The name may be decidedly generic, but Guard Duty succeeds where it matters most, in gameplay. Namely, in how it respects the best traditions of the point-and-click graphic adventure genre.
Key to that is having so much to click on, and being able to hear descriptions of everything. This is the sort of attention to detail that patient players (and those who want to get lost in the story) will eat up with glee. Not that the tale is absent of issues. Blending the medieval past with futuristic sci-fi makes Guard Duty feel more like two distinct games duct-taped together. It’s not just from the change in setting either, but even the mechanics; one part having traditional inventory while the other has a context-sensitive scheme. Still, this brings variety to the table.
You start as Tonbert—a knight out to save a princess—whose delivery made me laugh out loud more than once. Early in the game, he gets stung by bees, so he takes on a bit of a Mr. Bean accent. Later, you play as Agent Starborn, whose Solid Snake accent is occasionally distracting. Multiple characters share the same voice actor, but that’s understandable for a game that’s only $9.99. At that price, the amount of voice work should make developers with bigger budgets think twice about neglecting this game-enhancing audio touch.
Some voice inconsistencies aside, most of the secondary characters are also enjoyable. Although some have clear-cut room for improvement, needing more of a chance to be developed. The genre recipe has been (more or less) nailed; it just needs more time in the oven to fully realize the promise.
I think some of these development shortcomings stem from the setup. Does this game want magical explanations for characters or sci-fi ones? Does it want to be funny or dark? Some story ideas seem to get batted around without directly landing, and a better union between the two time periods probably would’ve resulted in additional characters leaving more of an impression.
Unlike Sierra titles (think Kings Quest), Guard Duty won’t kill you for walking on the wrong screen. It’s more like LucasArts games in that regard. Any time you seem to have failed (in either time period), rest assured it’s part of the story. You’ll never fail from the controls, which are quick and smooth, even when bypassing the touch screen.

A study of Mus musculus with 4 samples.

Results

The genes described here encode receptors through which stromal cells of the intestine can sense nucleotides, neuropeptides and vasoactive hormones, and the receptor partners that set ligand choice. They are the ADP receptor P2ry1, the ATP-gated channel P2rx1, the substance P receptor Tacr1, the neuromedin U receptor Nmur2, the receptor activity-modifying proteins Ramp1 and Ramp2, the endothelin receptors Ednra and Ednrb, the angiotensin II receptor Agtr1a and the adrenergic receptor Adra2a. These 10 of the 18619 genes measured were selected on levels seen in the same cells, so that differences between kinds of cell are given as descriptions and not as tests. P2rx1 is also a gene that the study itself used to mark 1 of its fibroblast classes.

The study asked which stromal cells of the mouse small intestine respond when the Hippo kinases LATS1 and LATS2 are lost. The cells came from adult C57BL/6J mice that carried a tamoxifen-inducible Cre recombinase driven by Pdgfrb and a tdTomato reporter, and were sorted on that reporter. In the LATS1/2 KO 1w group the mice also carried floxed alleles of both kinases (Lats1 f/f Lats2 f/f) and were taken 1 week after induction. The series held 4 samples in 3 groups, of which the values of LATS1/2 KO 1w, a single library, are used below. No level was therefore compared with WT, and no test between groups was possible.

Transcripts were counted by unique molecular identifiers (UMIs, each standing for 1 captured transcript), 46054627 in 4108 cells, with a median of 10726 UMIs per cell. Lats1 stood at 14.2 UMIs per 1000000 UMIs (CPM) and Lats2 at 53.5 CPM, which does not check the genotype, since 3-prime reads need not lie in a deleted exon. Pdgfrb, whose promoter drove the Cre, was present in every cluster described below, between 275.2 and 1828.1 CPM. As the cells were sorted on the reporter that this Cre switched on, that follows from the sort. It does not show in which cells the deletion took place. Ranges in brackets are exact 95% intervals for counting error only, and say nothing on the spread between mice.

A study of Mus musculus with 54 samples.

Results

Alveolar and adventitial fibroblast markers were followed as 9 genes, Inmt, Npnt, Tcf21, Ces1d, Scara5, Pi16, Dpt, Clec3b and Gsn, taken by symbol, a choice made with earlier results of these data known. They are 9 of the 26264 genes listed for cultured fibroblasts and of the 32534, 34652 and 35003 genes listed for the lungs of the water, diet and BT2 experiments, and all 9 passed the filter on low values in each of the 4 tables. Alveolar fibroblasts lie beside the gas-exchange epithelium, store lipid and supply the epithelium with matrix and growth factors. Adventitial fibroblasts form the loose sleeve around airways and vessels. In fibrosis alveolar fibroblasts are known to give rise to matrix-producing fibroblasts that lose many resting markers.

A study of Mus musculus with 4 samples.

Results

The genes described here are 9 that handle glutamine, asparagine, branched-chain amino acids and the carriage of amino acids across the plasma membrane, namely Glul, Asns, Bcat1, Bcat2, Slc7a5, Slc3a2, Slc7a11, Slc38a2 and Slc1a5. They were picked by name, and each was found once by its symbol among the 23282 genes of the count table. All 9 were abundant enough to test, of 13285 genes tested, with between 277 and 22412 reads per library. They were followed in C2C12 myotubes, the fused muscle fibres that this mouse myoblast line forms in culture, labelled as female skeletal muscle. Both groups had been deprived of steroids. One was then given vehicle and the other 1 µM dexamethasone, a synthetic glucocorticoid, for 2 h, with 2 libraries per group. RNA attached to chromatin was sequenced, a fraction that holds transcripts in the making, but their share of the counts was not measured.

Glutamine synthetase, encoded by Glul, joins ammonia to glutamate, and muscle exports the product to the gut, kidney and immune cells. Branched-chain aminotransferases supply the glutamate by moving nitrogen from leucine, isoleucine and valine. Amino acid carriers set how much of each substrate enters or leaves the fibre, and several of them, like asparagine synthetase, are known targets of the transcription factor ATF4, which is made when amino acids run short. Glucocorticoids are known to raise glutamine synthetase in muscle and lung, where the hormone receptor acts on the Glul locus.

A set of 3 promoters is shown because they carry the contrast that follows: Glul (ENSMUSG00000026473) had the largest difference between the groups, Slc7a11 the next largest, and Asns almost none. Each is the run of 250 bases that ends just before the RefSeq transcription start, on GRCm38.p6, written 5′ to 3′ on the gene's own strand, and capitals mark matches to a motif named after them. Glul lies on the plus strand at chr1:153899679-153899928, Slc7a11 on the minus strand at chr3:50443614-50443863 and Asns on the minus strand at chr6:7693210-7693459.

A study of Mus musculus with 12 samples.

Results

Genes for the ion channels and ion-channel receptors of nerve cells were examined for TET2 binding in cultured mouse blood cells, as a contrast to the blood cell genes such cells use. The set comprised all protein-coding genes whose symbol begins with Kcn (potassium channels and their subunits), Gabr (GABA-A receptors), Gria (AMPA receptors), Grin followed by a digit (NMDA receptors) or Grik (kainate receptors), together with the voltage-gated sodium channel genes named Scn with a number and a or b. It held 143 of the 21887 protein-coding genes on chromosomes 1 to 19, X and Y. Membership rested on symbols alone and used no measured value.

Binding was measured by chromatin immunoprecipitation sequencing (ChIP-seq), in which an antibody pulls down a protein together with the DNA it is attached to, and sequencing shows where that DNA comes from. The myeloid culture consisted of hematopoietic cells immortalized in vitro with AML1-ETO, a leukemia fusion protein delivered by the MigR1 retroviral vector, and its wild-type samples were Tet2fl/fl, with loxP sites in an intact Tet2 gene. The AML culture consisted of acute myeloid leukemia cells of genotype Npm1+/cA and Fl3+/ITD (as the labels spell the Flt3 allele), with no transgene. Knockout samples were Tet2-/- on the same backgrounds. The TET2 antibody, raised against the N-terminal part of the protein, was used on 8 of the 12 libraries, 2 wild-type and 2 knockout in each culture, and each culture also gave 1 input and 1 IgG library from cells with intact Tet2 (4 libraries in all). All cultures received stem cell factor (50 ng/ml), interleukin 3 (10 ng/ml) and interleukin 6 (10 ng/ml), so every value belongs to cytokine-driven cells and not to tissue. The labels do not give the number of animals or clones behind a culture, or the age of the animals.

Visually, the animations and pixel art remind me of some of my favorite genre favorites from the ’90s. Acts in the earlier time period fare especially stong, benefiting by more brightness, diversity, and color. However, the fullscreen aspect ratio can stay in the 90s as far as I’m concerned. Some “traditional” aspects do not need revisiting.
If you’re experienced with the genre, this game will only take so long to see the end credits. I wouldn’t have minded a longer visit in the world of Guard Duty, a chance for the story to be tightened. It won’t endure as a favorite but, at just $9.99, it never had to. The length is fine for the price.
If you’re a big fan of point-and-click adventures, especially those respecting the genre’s heyday, you’ll find Guard Duty to be a good game. I can’t give it as high a recommendation as first thought due to some story aspects and the way they’re intertwined, but I liked it enough that I’m hoping for a sequel. If it’s funded by Kickstarter, I hope the backers have enough sense to push for a less generic name, too. Good games don’t deserve to be overlooked by bad naming.
Review: Guard Duty (Nintendo Switch)
If you’re a big fan of point-and-click adventures, especially those respecting the genre’s heyday, you’ll find Guard Duty to be a good game. I can’t give it as high a recommendation as first thought due to some story aspects and the way they’re intertwined, but I liked it enough that I’m hoping for a sequel.